Macau, once a seedy and corrupt outpost, is blossoming into a gambling mecca
Michael Kaplan
From the Print Edition:
Dennis Haysbert, Nov/Dec 2006

The newly opened Wynn Macau is a scaled-down version of Wynn Las Vegas. Macau's casino row may soon rival the Las Vegas Strip.

It is a rainy weekend in Asia. So rainy, in fact, that there is talk of a possible monsoon. But foul weather does nothing to slow the Sunday afternoon flow of traffic to the two-and-a-half-year-old Sands Macau. The glitzed-out casino—situated on its namesake peninsula, between Hong Kong and China—is packed with mainlanders savoring their taste of twenty-first-century action. Arriving by car and bus, dressing up or down, carrying pockets full of cash or working with junket operators who offer credit, they filter in and barely speak as they drop chips upon felt and try their luck.

Owned by Sheldon Adelson and his publicly traded company that is responsible for Vegas's plush Venetian Resort and Casino, the Sands is a gargantuan, shimmering sprawl of chance. Dominated by blackjack and baccarat tables, the casino is dressed up with blatantly high-tech design, soaring vistas and a live band blasting Top-40 covers in English.

An enormous curvilinear high- definition TV flashes casino hype overhead and, just across the ceiling, a 100,000-pound glass-and-light installation (a chandelier of sorts) communicates a sense of over-the-top luxury.

On the gaming floor, the action is hot and heavy. Tense-looking couples bet together at the pai gow tables, grandmothers obsessively punch at Asian-themed slot machines once dismissed as "tigers that eat you and don't even spit out the bones" (they have been successfully reconfigured for the Chinese market with artwork based around jade princesses and white-bearded sages), and the lowest-stakes blackjack tables (about $30 per bet) pack 'em in three deep.

Down in one of the baccarat pits, players with long and pointy fingernails slowly peel up their cards, slam them down and, more often than not, softly curse their luck. Gambling on uniquely Asian games— including a simple, seemingly even-odds dice wager in which you pay the casino a cripplingly steep 5 percent commission on each win—players sip sweet-and-milky tea, pony up more chips and, unwittingly, rank among the global gaming industry's newest cash cows.

But can it last? "I absolutely think that China's growth will last," says Adelson. "We know from Las Vegas that the Chinese love gambling. Why would they stop playing? For the Chinese, gambling is an intense form of entertainment." And they can afford it. "China may not have as many millionaires as the U.S. [right now], but I believe that it will soon have more."

Upstairs in the Paiza Club, a private enclave for high rollers who put $100,000 or more at risk, the vibe is restrained and refined, at least as restrained and refined as you can expect it to be in a macho expanse of wood, marble and leather. Players gamble in spacious private dens, with their doors kept open a crack to allow the entrance of luck, and lodge in 5,000-square-foot suites that measure up to their Vegas counterparts, complete with private saunas and karaoke rooms. High-limit customers generate 30 percent of the casino's handle, and the Sands goes out of its way to keep them happy with butlers, private gourmet dining and bottles of 18-year-old single malt. "This is bigger and better than Vegas," declares the Sands' director of gambling. "We really got it right here."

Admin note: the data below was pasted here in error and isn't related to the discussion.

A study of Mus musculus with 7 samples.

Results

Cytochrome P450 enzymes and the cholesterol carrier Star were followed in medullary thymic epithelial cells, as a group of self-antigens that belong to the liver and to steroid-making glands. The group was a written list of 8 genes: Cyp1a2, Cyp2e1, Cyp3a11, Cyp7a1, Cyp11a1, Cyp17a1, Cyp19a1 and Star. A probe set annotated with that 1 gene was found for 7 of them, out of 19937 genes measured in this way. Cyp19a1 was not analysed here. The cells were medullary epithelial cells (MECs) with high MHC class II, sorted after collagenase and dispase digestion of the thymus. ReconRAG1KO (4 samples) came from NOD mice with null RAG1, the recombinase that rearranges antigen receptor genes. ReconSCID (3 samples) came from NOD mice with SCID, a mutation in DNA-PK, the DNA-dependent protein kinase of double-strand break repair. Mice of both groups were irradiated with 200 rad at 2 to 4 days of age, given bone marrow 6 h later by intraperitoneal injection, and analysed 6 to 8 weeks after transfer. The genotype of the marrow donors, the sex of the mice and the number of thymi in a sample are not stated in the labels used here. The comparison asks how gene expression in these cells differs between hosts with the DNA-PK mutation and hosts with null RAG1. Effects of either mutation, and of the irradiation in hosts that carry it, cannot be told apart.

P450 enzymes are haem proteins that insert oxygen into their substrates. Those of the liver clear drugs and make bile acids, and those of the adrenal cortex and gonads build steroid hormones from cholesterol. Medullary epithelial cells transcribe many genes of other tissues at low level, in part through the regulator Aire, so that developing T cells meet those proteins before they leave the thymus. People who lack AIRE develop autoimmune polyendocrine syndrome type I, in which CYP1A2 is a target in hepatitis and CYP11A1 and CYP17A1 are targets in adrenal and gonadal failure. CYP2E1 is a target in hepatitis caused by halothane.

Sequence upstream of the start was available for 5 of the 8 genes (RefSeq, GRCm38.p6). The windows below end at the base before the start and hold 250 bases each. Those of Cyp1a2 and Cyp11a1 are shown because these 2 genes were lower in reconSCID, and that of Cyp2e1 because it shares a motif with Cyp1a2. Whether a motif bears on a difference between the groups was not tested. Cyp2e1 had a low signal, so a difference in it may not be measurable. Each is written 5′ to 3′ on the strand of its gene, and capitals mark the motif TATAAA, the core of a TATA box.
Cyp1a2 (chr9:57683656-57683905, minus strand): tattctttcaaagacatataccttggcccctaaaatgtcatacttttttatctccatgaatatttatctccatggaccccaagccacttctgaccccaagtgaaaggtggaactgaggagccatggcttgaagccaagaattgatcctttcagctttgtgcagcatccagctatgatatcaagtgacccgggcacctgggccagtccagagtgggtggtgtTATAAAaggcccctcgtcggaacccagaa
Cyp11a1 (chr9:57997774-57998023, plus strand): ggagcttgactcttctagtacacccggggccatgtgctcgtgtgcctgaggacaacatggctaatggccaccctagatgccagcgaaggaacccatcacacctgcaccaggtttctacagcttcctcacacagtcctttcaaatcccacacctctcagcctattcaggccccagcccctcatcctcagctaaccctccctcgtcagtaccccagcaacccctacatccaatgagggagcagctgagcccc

Inarguably, Macau is booming; it is expected that gambling profits there will soon eclipse those of Las Vegas, aided considerably by the newly opened Wynn Macau and the under-construction MGM Grand Macau. "Ten years from now stories will be written about what is going on here," predicts Steve Wynn, sitting behind a big wooden desk in his downtown Macau headquarters. "This is a fascinating place in the grips of rapid escalation. Changes are happening here with a speed and intensity that is almost mind-boggling."

Joining the Macau casino boom, which, within just a few years, will result in thousands of new hotel rooms, miles of gambling space, many billions of dollars in revenue and an anticipated 5,000 table games, are a handful of other casino entrepreneurs. They include gaming progeny James Packer (son of Aussie tycoon Kerry) and his partner Lawrence Ho (until recently, his father, Stanley, had a monopoly on gambling in Macau), who are collaborating on a $1.5 billion gambler's paradise called City of Dreams. Several new and/or improved outlets will be in the hands of the elder Ho; most notably, his own take on high-end Vegas with the Grand Lisboa. Budgeted at $250 million, the cost of this casino would have once seemed astronomical for Macau; but now, alongside the city's billion-dollar-plus undertakings, it comes off as chintzy. Plus, Wynn plans to open a second casino here (an anticipated partnership with Ferrari, it'll be themed around the classic Italian sports car) and a Macau version of the Venetian is nearing completion, and MGM Mirage recently broke ground.